Last week Germany filed criminal charges against the firm Harles & Jentzsch because they did not immediately inform the agricultural ministry that levels of cancer-causing dioxin in 150,000 tons of their feed surpassed the allowed amount.
The contaminated feed was sent to 25 distributors in Germany and from there to thousands of farms. More than 8,000 chickens were culled, 100,000 eggs were destroyed, and nearly 5,000 farms were shut down throughout Germany; and sales of poultry, pork and eggs from farms were suspended.
On Tuesday last, officials said they have now found high levels of dioxin in German pigs at a farm in the county of Verden, Lower Saxony; the dioxin levels found exceeded the legal limit by 50 percent. As a result, hundreds of pigs are to be slaughtered in an attempt to quell consumer fears in Germany and across Europe.
On Wednesday, China halted imports of German pork and eggs, and last week South Korea and Slovakia banned the sale of some German food imports altogether. Danish officials are investigating the possibility that contaminated animal feed from Germany may have been fed to hens in Denmark.
Officials in Britain and the Netherlands are making inquiries to determine if the contaminated eggs from Germany have found their way into mayonnaise and other egg enriched products like pastries and processed food.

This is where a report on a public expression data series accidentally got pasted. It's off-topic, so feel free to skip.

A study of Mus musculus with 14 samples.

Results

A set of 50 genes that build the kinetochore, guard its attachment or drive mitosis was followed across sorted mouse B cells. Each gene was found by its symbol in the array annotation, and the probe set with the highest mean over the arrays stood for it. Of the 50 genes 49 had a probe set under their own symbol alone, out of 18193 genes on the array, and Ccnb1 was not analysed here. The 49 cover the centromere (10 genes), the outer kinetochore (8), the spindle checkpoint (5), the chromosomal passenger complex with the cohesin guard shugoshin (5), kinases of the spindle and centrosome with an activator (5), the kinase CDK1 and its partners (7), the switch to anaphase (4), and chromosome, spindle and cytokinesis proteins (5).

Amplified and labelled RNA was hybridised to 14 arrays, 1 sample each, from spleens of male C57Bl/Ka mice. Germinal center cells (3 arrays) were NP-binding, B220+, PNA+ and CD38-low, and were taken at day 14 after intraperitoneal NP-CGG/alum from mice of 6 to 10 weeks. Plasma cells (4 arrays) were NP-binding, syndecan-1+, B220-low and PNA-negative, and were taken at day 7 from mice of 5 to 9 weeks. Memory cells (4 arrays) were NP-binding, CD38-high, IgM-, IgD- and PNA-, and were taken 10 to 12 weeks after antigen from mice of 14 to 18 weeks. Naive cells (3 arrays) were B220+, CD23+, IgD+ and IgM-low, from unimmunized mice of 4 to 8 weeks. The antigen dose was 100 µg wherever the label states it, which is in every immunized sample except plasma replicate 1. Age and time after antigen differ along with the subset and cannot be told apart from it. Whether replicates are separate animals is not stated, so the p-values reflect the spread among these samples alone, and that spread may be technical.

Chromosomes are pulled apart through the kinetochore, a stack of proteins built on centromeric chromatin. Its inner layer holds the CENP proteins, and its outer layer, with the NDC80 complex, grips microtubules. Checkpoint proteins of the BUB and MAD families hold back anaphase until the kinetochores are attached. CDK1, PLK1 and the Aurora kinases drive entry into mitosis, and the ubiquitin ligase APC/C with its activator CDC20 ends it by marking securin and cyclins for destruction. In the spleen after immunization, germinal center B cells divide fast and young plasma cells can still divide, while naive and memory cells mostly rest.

German officials said dioxin-tainted pork may have already been sold in supermarkets; officials said it was possible that the meat went to consumers before the recall. Pork represents two-thirds of all of the meat consumed in Germany.
Spiegel Online indicates that officials with the European Union executive told reporters they had held a “disappointing” meeting with industry representatives because “no concrete proposals were presented” to prevent further contamination in the future.
Heightened concerns about food safety across Europe comes on the heels of the massive U.S. egg recall that took place last summer involving over a half-billion eggs contaminated with salmonella, traced to Wright County Egg and Hillandale Farms.
Spiegel writers Jess Smee and Jill Petzinger claim that “consumer worries are on the rise in Germany, with sales of organic foods increasing amid the food-scare headlines. A survey commissioned by the mass-circulation daily Bild showed that the latest food scandal has given a boost to public support for organic foods.”
Concerned consumers everywhere are rapidly losing faith in both mega factory food producers and the government agencies responsible for regulating them. People are increasingly unwilling to ignore the inherent dangers and hazards in food produced from massive, corporate-owned factory farms who hold so-called regulators in their back pocket.
As a result, Gerald Celente, the founder of the Trends Research Institute, predicts that in 2011, one of the biggest trends and entrepreneurial opportunities will be in the organic movement, products sold for backyard gardens, and for producers of locally grown organic food.